Toyota Sequoia under investigation for ‘inappropriate’ stability braking
The National Highway Traffic Safety Administration has opened an investigation into older Toyota Sequoia SUVs, responding to complaints of ‘inappropriate’ stability-control intervention.
The agency has received at least 135 complaints describing unexpected steering pull while driving. The behavior is said to be caused by selective braking from the stability control system, rather than a steering failure or other mechanical problem.
“Approximately 60 percent reported a vehicle pull to the right at highway speeds,” the investigation summary notes. “Many of the complaints allege experiencing multiple incidents with some involving little to no pull lasting several seconds and others involving greater pull for short duration, frequently described as feeling like a “jerk” to the steering wheel.”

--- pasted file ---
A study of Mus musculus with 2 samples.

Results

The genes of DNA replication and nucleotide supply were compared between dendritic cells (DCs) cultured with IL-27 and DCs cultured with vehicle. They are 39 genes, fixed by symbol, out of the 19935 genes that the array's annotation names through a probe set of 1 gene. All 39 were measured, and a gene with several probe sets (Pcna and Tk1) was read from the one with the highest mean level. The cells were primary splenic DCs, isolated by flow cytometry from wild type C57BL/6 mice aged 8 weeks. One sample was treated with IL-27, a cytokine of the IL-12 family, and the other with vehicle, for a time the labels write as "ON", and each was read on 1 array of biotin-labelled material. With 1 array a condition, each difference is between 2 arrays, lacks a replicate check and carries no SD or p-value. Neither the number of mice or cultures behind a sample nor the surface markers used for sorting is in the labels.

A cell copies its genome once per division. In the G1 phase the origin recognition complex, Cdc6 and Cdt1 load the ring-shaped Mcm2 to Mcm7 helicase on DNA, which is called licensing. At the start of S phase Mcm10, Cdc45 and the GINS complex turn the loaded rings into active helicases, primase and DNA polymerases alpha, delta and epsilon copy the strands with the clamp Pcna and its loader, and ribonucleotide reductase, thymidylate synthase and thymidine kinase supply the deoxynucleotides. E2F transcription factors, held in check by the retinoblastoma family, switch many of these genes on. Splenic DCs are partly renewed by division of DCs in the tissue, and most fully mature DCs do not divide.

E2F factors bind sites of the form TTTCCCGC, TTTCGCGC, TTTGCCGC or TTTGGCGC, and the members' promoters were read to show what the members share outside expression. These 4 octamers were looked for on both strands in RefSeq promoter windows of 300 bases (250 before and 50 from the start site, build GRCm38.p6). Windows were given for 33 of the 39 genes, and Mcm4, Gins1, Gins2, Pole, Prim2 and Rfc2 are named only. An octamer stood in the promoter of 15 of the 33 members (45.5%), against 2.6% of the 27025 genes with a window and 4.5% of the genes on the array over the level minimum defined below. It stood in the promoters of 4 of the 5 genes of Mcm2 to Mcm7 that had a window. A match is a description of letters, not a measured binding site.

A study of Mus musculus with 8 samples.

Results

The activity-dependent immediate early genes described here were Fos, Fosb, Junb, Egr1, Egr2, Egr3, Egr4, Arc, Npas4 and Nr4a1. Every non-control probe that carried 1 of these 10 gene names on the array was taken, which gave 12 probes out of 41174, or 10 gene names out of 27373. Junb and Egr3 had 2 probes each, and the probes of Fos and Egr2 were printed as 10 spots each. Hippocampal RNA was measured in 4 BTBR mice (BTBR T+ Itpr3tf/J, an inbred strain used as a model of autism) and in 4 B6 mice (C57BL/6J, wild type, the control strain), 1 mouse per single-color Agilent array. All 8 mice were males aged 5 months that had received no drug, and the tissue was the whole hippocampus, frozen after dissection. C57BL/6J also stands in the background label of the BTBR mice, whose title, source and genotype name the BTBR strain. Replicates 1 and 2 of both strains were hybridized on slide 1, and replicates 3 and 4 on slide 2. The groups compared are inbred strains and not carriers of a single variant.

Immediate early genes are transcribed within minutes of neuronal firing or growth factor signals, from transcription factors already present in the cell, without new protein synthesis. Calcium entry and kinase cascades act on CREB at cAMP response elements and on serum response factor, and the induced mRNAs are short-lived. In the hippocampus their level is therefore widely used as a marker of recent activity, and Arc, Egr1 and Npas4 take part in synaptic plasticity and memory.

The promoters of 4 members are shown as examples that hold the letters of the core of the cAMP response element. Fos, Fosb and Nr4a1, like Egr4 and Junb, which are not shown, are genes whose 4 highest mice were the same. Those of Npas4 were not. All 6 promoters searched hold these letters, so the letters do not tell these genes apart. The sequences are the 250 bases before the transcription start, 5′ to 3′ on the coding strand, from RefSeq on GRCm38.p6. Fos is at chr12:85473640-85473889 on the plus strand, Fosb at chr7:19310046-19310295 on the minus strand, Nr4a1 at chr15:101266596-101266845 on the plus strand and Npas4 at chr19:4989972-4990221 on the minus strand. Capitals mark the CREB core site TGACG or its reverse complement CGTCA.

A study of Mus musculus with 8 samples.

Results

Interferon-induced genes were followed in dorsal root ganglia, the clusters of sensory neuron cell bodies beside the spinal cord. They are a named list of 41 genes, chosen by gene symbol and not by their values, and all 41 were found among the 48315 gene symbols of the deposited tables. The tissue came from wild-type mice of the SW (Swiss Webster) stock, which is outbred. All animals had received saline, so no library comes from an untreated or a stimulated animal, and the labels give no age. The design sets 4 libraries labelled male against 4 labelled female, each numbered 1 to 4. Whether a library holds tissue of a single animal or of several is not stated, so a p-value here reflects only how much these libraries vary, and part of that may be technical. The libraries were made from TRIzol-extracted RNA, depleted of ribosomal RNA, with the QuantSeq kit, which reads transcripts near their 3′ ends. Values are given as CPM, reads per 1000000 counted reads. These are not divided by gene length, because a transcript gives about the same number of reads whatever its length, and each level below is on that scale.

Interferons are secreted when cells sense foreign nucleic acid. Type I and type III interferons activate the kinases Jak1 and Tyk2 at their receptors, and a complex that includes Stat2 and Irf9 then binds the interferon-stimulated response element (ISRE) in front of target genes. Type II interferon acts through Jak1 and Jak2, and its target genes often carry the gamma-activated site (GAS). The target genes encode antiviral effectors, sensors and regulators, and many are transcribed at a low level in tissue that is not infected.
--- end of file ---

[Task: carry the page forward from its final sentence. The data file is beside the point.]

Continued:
Approximately half of the complaints have been traced to a faulty yaw-rate sensor, presumably causing erroneous measurements that are misinterpreted as a loss of vehicle control.
“There is a noticeable swerve to the right accompanied by a grinding noise,” one complaint says. “The dealer says a new yaw rate sensor and VSC ECU will fix it. About $1,800 above the $105 already paid for the diagnostic fee. What really gets my ‘goat’ is there is a recall for the ‘early’ 2003 models for the same problem.”
The 2003-model-year campaign focused on a positioning error related to the steering angle sensor, causing acceleration problems when taking off from a stop.